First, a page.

Every year, the New Orleans Saints football team shows off their softball skills in front of the whole city to support philanthropic efforts in the community. COVID-19 has greatly impacted our city, the economy, and especially the nonprofit community for the majority of this year. It has been a year of adjusting to change and overcoming struggles, but one thing is for sure: New Orleans continues to come out strong when we come together as a family.
During the month of October, two nonprofits, Team Gleason and Son of a Saint, will work with the New Orleans Saints team once again to raise funds for these nonprofits, while also having some much-needed fun. With social distancing guidelines in place, these organizations invite you to participate in the virtual Black and Gold Dizzy Bat Challenge. This simple challenge requires you to grab a friend, a bat (or whatever you have at home), and a phone with a video camera to participate. Using your item, spin around five times, then try to take 10 steps in a straight line. Post the video of yourself doing the challenge to Instagram, Facebook, or Twitter, nominate three friends, and tag @TeamGleason, @Sonofasaint, and #DizzyBatChallenge to show your support.
Everyone is encouraged to make an impact by donating $10, but it is not required. All donations will benefit Son of a Saint and Team Gleason. This virtual challenge for all is a great way to bring the community together and to raise funds for two important New Orleans nonprofits. Participate in the fun #DizzyBatChallenge and help reach the goal of $20,000.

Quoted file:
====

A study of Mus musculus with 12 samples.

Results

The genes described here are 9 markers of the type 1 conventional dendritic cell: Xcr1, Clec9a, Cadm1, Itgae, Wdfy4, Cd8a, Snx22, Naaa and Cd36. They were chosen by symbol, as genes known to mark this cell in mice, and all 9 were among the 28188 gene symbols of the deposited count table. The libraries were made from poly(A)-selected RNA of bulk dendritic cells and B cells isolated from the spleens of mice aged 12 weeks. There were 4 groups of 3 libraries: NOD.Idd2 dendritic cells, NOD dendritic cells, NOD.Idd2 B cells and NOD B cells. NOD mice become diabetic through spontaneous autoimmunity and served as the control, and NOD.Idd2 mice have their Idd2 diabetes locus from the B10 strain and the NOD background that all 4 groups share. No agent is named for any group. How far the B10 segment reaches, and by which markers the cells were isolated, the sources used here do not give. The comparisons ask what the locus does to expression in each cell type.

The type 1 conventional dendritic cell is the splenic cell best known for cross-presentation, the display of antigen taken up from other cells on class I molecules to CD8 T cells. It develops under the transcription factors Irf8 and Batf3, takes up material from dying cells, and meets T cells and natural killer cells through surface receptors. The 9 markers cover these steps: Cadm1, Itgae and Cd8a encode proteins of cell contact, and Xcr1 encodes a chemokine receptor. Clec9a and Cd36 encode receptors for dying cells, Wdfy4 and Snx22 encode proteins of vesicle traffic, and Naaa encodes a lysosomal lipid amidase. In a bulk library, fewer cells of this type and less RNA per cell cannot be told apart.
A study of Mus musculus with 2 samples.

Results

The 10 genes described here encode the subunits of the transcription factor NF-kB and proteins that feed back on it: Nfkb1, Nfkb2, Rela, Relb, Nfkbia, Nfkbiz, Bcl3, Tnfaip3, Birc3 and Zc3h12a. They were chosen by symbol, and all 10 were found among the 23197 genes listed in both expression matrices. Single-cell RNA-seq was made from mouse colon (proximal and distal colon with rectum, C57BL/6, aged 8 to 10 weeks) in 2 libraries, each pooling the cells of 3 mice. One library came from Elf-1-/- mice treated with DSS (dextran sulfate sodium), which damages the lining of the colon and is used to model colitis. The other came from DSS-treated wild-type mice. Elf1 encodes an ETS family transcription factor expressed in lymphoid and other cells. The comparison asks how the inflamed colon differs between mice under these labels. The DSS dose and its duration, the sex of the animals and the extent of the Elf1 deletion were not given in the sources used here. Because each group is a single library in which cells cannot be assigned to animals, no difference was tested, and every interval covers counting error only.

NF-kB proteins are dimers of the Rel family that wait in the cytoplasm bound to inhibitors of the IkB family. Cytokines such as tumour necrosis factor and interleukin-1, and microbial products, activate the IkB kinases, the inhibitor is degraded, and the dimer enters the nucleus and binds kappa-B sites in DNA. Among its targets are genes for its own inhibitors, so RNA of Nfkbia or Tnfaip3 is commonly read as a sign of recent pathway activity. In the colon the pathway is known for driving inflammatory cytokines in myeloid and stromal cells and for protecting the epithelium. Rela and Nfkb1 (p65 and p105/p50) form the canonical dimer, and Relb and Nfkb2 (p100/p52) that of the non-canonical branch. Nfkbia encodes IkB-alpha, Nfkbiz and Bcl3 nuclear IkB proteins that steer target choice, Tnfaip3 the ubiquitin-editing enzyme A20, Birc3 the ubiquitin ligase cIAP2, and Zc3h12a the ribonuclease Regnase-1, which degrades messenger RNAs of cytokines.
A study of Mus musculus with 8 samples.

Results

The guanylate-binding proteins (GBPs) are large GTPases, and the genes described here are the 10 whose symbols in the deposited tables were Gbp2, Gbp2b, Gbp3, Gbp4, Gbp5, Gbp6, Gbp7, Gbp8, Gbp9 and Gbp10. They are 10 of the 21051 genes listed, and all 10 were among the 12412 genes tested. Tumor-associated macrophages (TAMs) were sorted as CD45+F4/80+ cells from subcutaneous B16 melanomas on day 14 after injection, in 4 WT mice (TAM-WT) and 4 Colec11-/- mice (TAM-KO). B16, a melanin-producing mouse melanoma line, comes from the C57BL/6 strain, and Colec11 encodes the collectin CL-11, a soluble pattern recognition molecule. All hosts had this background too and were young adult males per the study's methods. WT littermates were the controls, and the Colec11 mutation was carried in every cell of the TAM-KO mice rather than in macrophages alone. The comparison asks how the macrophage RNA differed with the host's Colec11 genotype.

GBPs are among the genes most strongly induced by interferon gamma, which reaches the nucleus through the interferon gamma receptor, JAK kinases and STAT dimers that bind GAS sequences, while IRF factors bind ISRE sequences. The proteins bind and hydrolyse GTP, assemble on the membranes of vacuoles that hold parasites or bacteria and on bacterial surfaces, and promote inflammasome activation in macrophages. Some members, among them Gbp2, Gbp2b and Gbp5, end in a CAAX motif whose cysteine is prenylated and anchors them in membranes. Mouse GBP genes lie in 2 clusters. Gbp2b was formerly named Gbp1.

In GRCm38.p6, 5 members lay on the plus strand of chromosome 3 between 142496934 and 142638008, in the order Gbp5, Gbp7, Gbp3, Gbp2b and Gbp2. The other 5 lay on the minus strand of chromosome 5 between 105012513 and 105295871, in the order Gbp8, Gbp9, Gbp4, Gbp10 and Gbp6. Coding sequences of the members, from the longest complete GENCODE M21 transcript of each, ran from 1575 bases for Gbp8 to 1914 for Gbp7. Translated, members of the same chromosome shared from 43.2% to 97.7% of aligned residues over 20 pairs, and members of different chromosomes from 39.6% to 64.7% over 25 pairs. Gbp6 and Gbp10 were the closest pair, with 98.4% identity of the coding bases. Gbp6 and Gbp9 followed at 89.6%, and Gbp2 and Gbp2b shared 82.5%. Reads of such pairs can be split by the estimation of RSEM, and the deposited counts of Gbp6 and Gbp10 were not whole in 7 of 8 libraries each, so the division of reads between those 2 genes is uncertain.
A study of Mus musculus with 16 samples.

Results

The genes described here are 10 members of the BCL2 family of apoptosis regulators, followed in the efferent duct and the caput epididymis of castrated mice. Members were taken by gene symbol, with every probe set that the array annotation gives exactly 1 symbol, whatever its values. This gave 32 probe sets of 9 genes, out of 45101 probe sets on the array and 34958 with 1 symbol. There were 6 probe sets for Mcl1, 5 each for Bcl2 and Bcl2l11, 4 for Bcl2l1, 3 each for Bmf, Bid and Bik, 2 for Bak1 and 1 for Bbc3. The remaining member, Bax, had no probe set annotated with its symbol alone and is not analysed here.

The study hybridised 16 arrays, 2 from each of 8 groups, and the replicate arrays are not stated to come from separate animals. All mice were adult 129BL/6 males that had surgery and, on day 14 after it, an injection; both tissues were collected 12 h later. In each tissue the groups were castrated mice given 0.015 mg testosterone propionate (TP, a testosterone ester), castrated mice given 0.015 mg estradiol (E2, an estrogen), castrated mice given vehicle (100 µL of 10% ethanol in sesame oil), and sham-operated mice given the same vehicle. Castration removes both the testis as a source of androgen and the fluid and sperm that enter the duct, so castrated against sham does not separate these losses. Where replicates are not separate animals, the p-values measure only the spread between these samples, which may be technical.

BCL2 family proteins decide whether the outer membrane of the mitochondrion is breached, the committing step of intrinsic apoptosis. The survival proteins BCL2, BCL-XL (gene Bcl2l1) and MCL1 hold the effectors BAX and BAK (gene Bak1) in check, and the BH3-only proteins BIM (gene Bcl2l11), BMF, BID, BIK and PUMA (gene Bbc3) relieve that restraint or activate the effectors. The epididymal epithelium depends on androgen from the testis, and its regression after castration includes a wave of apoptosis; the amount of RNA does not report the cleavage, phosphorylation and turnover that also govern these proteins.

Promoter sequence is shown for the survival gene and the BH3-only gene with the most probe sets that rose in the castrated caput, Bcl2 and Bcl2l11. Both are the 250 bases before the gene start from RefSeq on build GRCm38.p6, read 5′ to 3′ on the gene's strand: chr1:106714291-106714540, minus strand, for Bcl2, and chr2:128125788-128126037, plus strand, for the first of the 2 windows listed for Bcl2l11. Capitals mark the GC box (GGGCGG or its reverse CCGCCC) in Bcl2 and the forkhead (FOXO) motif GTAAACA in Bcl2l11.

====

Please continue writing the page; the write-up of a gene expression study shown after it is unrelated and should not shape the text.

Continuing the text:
Every year, the Son of a Saint foundation selects a group of boys aged 10-12 who are fatherless to join the existing kids in their program. The organization provides the boys with the tools they need to be productive men: They provide a secure and consistent environment, and most of all, they provide the boys with an example by giving them a role model. The boys have a mentee until the age of 21, but the connections remain forever. The organization's goal is to graduate as self-sufficient, independent thinkers who are leaders and give back to their community.
Steve Gleason played for the New Orleans Saints from 2000-2008. His most memorable play will always be his blocking a punt the night the Louisiana Superdome reopened for the first time after Hurricane Katrina. In 2011, the adventurous athlete was diagnosed with ALS, a terminal neuromuscular disease. Steve and his wife Michel founded Team Gleason as a way for Steve to show other ALS patients that they can not only live, but thrive after their diagnosis. Steve has had so much support from the community, the Saints, and the nation over the last nine years. He has had great success in overseeing the process of creating innovative assistive technology, as well as in getting acts passed by the U.S. House of Representatives and the Senate.